BTL Staff
By | 2018-04-18T10:45:48+00:00 April 18th, 2018|Lansing, Neighborhoods|

LANSING, Mich. – The Michigan Department of Health and Human Services (MDHHS) and Henry Ford Hospital in Detroit have teamed up for a provider helpline to assist healthcare providers with questions about hepatitis A. The helpline is staffed by infectious disease specialists and is available 24/7.

“With more than 800 cases of hepatitis A reported in Michigan during this outbreak, it is far from over,” said Dr. Eden Wells, MDHHS chief medical executive. “During the first three months of 2018, there have been more cases reported than we would expect to see for an entire year. Local health departments, hospitals, urgent cares and primary care clinics need access to the latest information to help them with their patients and stop the spread of this disease.”

The Hepatitis A Provider Helpline is not intended for the general public. Patients are advised to consult with their physician or local health department with their questions.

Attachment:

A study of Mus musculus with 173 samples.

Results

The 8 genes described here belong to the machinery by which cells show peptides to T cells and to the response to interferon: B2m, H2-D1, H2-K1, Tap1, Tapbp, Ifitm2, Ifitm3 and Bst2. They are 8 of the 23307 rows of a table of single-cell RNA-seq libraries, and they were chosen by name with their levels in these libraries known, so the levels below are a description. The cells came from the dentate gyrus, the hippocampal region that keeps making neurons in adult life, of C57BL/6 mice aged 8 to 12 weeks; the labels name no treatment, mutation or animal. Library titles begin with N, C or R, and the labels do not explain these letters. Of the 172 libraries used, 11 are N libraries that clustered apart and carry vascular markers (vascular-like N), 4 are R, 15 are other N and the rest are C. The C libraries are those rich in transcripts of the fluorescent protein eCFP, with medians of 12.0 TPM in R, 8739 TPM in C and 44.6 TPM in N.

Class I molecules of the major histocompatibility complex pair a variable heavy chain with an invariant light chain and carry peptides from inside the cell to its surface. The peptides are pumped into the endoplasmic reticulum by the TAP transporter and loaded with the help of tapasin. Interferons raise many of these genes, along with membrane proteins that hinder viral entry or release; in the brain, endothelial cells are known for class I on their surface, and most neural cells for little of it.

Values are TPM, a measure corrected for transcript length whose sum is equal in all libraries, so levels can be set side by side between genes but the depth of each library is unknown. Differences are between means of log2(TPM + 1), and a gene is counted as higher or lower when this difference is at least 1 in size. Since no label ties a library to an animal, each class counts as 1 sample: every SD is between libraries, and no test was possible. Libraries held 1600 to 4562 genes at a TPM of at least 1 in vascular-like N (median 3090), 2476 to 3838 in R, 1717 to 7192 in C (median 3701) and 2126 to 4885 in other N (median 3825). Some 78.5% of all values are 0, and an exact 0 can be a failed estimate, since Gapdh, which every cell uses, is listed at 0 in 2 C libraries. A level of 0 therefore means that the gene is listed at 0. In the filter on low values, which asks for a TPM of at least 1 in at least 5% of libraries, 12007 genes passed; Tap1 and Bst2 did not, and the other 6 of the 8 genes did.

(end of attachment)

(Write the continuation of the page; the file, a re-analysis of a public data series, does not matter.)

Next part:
The helpline provides a valuable service for disease prevention and mitigating new cases for healthcare providers and can answer questions regarding:

Hepatitis A treatment
Identifying high-risk groups
Hepatitis A vaccination
Hepatitis A blood testing

“The Hepatitis A provider helpline is a valuable resource for health care professionals across the state,” said Norman Markowitz, M.D., a Henry Ford infectious diseases physician. “Our team can provide the latest best practices for preventing and limiting the spread of hepatitis A in our communities.”

There are two ways for providers to get in touch with the Hepatitis A Provider Helpline. For urgent questions, providers should call 313-575-0332 to be connected with an infectious disease specialist at Henry Ford for immediate answers 24/7. Non-urgent questions can be submitted online at Henryford.com/HepAConsult.

About the Author:

BTL Staff
Between The Lines has been publishing LGBTQ-related content in Southeast Michigan since the early '90s. This year marks the publication's 25th anniversary.